StanChart still on soaraway curve, aims to continue
Standard Chartered says it is aiming for 'double-digit growth' in revenue again this year, after announcing record annual profits for the ninth consecutive year despite setbacks in two of its largest Asian markets, South Korea and India.
Net profit rose 12 per cent to US$4.85 billion, on strong growth in consumer banking. This beat analyst estimates of US$4.75 billion.
'We are clearly in a very different place than most of the rest of the banks,' said Jaspal Bindra, Standard Chartered's chief executive for Asia. 'You should take some comfort from the fact that when two of our largest markets have gone substantially negative ... we have still delivered record income and profit.'
Bindra said the bank was on track to deliver double-digit income growth this year, but added that a number of factors could affect its performance. The bank outperformed its British competitors and delivered a return on equity of 12.2 per cent, despite raising more shares in late 2010 and having to comply with the British bank levy, a tax on British-based lenders' balance sheets introduced by the government last year in response to the global financial crisis. ROE measures a bank's profits against shareholders' capital.
The rights issue slashed Standard Chartered's ROE by 180 basis points, or 1.8 percentage points, and the bank levy, which cost about US$165 million, dragged its ROE down by 40 basis points.
Profits from the bank's Hong Kong operation rose 41 per cent to US$1.5 billion, a record for any of the bank's markets.
Commenting on rising salary costs, Benjamin Hung, the chief executive of Standard Chartered Bank Hong Kong, said the city's inflation could drop two percentage points to about 3 per cent this year, easing wage inflation pressures.
On the mainland, the bank made losses of about US$100 million in consumer banking as it invested in building its franchise, but it said it was determined to keep making inroads in that market.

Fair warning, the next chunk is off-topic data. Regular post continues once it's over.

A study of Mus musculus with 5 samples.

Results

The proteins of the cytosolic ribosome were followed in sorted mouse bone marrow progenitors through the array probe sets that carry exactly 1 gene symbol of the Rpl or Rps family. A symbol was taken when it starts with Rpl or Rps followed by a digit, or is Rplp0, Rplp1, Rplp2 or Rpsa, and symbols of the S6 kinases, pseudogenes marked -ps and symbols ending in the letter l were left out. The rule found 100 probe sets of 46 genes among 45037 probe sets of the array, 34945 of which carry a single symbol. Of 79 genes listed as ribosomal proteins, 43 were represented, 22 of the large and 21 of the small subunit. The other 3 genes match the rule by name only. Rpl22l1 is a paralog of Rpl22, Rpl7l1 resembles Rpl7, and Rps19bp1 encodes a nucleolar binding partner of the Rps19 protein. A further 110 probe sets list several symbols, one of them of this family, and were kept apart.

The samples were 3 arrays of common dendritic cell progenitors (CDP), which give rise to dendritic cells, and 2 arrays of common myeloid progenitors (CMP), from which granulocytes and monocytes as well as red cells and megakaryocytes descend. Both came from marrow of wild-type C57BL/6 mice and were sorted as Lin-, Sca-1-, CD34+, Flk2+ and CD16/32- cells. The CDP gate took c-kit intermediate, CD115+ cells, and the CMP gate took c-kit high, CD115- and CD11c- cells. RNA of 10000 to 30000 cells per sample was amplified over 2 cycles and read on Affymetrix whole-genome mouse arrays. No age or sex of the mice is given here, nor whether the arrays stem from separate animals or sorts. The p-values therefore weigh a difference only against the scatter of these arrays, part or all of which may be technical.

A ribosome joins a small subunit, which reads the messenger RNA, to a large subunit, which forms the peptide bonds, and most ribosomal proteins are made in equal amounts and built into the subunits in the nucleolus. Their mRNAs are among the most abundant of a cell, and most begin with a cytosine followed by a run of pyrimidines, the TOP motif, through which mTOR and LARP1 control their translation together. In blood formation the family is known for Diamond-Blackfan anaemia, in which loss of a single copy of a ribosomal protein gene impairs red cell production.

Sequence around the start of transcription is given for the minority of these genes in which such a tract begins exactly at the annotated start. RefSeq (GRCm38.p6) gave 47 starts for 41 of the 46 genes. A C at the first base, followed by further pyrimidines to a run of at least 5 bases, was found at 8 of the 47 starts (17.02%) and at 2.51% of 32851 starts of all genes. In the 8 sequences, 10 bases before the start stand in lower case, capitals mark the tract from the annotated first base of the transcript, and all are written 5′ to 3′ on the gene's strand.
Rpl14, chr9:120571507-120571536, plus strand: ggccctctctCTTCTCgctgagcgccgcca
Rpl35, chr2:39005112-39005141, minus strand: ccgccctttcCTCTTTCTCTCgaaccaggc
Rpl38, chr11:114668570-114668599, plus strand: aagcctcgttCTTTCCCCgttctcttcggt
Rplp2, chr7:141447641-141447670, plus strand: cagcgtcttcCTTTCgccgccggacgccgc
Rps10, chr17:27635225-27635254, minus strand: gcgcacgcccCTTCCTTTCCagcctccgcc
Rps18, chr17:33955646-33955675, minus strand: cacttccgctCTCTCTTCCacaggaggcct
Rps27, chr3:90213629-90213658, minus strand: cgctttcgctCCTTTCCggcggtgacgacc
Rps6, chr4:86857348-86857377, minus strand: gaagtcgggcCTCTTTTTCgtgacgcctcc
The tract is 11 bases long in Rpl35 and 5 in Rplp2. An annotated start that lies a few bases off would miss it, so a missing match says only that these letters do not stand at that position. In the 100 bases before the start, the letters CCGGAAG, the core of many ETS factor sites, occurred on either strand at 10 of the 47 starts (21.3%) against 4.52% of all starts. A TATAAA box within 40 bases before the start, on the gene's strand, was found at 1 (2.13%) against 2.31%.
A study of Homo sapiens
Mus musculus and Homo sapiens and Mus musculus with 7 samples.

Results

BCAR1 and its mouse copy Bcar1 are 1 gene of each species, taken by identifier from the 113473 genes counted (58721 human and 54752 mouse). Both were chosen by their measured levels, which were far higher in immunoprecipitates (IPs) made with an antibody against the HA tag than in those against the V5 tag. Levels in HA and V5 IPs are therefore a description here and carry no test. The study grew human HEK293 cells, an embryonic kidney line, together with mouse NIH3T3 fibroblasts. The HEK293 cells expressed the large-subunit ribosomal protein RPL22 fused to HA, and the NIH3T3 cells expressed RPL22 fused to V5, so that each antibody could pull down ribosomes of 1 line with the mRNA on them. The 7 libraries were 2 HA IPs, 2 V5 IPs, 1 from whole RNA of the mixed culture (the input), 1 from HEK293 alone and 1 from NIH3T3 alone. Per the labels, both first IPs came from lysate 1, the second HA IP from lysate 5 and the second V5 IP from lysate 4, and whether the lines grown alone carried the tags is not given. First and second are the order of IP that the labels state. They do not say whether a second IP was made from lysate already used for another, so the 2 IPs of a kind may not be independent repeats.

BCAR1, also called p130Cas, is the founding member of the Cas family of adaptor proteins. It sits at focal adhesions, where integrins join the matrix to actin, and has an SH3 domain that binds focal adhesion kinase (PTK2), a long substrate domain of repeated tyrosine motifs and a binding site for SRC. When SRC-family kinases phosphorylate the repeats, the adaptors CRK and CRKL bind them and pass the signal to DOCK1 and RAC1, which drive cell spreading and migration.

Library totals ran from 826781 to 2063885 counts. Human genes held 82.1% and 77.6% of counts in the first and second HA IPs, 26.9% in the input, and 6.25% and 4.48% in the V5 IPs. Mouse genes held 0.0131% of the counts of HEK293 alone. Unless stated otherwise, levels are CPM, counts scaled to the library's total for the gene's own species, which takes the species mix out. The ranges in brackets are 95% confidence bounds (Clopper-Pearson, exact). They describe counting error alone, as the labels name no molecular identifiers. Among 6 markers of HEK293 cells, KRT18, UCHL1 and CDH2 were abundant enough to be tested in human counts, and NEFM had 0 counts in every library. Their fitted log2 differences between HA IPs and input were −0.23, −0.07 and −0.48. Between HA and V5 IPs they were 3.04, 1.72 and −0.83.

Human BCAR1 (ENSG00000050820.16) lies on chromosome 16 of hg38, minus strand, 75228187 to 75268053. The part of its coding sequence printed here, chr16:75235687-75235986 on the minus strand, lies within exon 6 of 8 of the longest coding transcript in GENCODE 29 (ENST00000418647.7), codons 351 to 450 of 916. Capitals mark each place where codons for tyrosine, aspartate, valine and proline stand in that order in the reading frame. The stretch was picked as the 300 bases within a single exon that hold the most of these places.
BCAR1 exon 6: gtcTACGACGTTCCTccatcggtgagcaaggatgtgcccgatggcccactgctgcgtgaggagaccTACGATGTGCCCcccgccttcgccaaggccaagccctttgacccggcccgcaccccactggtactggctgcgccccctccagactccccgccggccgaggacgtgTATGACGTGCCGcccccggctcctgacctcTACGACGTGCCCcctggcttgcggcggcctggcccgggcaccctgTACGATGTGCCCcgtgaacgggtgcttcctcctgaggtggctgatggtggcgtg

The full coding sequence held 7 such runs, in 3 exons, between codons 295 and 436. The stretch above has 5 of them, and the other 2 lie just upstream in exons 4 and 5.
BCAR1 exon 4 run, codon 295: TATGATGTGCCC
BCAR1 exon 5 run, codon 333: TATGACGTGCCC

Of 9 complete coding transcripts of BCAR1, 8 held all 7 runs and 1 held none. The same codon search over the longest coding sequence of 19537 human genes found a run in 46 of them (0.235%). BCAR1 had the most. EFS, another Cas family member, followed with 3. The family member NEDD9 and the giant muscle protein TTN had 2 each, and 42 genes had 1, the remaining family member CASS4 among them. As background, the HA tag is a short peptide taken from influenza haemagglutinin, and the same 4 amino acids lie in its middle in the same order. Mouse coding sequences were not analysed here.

Bindra said the bank had 'an aspiration to get into the hundreds' in terms of branch openings on the mainland. He added that foreign banks usually received at most 30 to 35 branch licences a year, so this could take years.
The bank opened 19 branches and sub-branches on the mainland last year, bringing its total mainland network across 21 cities to 81.
The bank employed 86,865 people as of December, up 1,634 from 2010, while other global banks such as HSBC and Royal Bank of Scotland have been laying off staff.
The bank experienced a setback in India last year after a record year in 2010. Profit fell 33 per cent to US$804 million, due to a challenging economy and political and corporate governance issues, the bank said.
Standard Chartered said its performance in South Korea suffered from low labour productivity, high costs and a 10-week strike. Profit slipped 56 per cent US$172 million. The bank launched an early retirement programme in the country in December, hoping to deliver annualised savings of US$95 million in the country and a shift in corporate culture.